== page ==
Lord, Thank You that Dad is celebrating his 93rd birthday in heaven. You know that he pranked fellow pastors with fake calls (“Reveren’, me and my wife is havin’ problems …”) and sometimes answered his phone with “Joe’s Bar.” With a fishing rod, he once cast a jelly doughnut amid his church’s weight-watching group. But OMG, Dad always was and now forever is crazy for You.
In honor of Father’s Day, I’m celebrating my dad’s independent spirit. Until a few months before his death at 91, he never ceased seeking new adventure — and scaring his kids spitless.
Visiting my parents lapses me into Louisiana slow-mo. Lounging on their front porch, eating Mom’s peach cobbler, we watch mercury in the ancient thermometer soar. A hound dog snores in the road.
This Mayberry moment feels timeless. But it will disappear faster than my cobbler.
In a word, Dad.
My 82-year-old father, rocking away, looks harmless. But this man has given his guardian angel a permanent tic.
Dad regales me with his latest exploits. Although my parents rent Great-granddaddy’s homestead from my cousin, Dad claims responsibility for it. One morning, he scaled the heights — “No dizziness a’ tall when I take my pills” — and cleaned gutters.
When I choked and asked why he hadn’t called my cousin, he said, “Why bother her? I got time.”
However, 96-year-old Great-aunt Footsie spotted Dad on the roof. She told him he hadn’t gained a lick of sense over the years. A polite Southern boy, he agreed. Yes, ma’am, he shoulda called a young ’un to do that. No, ma’am, he wouldn’t climb up on the roof again.
Instead, Dad hauled his buzzing chainsaw up a ladder to trim trees. Suddenly, the ladder lurched, and he tumbled. Lying dazed, his life passed before him. Then, enough of that. Dad stood, revved his chain saw, and finished the job.
Now he sniffs the steamy air. “Something smells bad. Smelled it the other day, too.”
I gag. “Whew. What is it?”
“Don’t know. Thought the cats dragged something dead under the house. Then I wondered if the sewer was leaking. So I—”
He did, though deep in these pine woods, rattlesnakes consider a crawl space the ultimate in creature comfort. Still, Dad slithered through under-the-house muck himself.
No plumbing problems.
Now, he inhales again. His eyes widen. “That’s gas. Better check it out.”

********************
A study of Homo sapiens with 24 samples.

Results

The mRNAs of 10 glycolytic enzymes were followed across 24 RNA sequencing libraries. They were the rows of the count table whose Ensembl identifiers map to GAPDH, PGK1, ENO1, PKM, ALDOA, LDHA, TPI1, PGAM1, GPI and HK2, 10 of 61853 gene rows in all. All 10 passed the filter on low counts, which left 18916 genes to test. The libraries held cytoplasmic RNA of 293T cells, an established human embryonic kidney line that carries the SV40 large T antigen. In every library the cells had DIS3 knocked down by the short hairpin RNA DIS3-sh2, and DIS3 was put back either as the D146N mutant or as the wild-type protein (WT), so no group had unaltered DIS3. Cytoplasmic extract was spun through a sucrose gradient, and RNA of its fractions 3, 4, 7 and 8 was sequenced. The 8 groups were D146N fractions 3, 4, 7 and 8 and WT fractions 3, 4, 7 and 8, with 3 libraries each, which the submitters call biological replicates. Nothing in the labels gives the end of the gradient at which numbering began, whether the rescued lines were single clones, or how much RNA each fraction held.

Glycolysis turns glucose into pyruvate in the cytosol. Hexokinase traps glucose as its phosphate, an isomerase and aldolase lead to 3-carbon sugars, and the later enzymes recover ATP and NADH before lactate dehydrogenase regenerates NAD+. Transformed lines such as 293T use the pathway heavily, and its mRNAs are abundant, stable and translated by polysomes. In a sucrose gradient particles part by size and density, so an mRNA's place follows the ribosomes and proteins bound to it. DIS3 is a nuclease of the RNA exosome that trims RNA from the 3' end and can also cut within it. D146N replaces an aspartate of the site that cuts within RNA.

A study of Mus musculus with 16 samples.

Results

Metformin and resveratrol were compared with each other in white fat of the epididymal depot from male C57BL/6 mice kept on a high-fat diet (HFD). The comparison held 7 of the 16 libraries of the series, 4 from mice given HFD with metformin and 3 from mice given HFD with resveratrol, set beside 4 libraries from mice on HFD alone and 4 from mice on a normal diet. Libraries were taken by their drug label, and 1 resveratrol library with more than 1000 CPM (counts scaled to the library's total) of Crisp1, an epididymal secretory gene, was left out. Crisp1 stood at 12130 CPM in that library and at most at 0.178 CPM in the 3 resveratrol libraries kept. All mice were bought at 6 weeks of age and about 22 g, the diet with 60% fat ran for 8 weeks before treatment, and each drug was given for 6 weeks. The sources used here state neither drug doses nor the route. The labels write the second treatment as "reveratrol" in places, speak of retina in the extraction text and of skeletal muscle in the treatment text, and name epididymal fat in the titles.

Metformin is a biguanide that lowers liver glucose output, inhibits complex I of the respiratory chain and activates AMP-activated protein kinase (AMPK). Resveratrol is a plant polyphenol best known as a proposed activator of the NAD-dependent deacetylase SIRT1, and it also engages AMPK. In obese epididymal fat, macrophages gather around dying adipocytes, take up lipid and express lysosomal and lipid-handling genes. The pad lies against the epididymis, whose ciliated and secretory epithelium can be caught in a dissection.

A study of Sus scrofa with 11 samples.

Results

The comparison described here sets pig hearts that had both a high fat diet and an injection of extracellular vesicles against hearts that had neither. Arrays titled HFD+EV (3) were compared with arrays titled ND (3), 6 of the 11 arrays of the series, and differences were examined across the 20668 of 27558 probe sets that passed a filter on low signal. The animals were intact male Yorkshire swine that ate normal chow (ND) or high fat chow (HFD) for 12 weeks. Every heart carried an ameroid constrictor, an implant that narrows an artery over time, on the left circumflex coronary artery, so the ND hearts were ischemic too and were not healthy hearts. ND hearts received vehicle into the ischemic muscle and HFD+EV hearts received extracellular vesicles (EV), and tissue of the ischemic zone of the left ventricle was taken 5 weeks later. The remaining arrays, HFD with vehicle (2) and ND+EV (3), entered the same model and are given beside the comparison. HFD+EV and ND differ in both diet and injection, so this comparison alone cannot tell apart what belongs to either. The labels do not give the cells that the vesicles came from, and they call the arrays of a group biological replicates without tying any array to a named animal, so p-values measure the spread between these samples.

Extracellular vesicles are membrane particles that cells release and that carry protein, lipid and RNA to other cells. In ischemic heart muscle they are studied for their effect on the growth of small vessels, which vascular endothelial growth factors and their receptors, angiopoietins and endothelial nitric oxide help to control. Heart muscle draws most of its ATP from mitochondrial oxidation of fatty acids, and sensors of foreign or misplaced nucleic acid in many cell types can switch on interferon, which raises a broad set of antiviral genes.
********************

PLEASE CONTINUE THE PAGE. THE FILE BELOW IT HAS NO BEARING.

Not with a lantern, I hope. Thank God, he calls the propane company, who sends an inspector. The man’s eyes bulge like a frog’s. “Ya’ll got a prob-lem.”
Years before, someone removed a gas heater from the fireplace. He kind of forgot to cap the gas line.
Escaping gas. In the fireplace, where, for three winters, Dad has built his famous infernos.
When my cousin discovers the current excitement, she calls me. “No more home maintenance, y’ hear? Tell him to take up a different hobby.”
As if Dad listens to me.
At least, he permits the repairman to fix this. And because of his alertness, we escape a trial by fire.
Dad ages me with his antics (my true biological age is 213), but he also has played the hero many times.
But will I be up for the next visit?
Your Extraordinary Ordinary: Does your dad age you, too?
Many pay tributes to caring but unexciting dads who worked hard, fixed things, and helped keep them out of trouble — most of the time.
My father did the basic dad drill, too. But boring?
A pastor, he refused to wear neckties. He led his congregation in “Joy to the World” … every Easter. Even my siblings and I listened intently to Dad’s sermons — because we often comprised the subject matter.
As a missionary, Dad approached challenges in ways that wouldn’t make Sunday school storybooks. Take, for example, the Mexican Chicken Wars.
Fifty years ago, our home in Linares, Mexico, featured an outhouse and nightly rat races. Though poor, my folks shared with neighbors living in shacks. Ready to open his thin wallet, Dad still drew the line at “Thou shalt not steal.”
Gilberto, the mission compound caretaker, said thieves targeted our chicken coop, an important income source for the mission. Determined to protect his feathered flock, Dad kept his ax beside his bed at night.
Those who didn’t know the Ten Commandments would learn them fast.
Soon, Dad awoke to the chickens’ squawking, grabbed his ax and headed for the henhouse. Stooping low, he spotted unknown blue-jeaned legs walking through the orange groves. He let loose his war cry, swinging the ax above his head.
The thief saw Dad — a tall, shirtless phantom with burning eyes who wielded a shining blade. The would-be robber dropped shrieking chickens and scaled the mission compound wall like a terrified spider.
Dad returned the chickens — vastly relieved the ax wasn’t meant for them — to their nests.
This crook, however, screamed, “Aaron! It’s me, Aaron!”
Gilberto had checked on the chickens’ safety, too. They were fine, but Gilberto nearly lost his head to Dad’s ax.
Throughout his pastoral career, Dad confronted numerous dangerous situations. He housed ex-gang members and ex-prisoners and provided protection for domestic violence victims whose husbands/boyfriends vowed vengeance.
That incident nearly drove his guardian angel to drinking. Still, Dad survived to finally retire at 77. He now lives in the Louisiana piney woods where he was born and raised. Occasionally the angel chews his nails when Dad, now 90, wields his ax in a forest full of rattlesnakes.
But the angel’s not bored.
Sigh. Neither am I.
Your extraordinary ordinary: What’s your favorite dad story?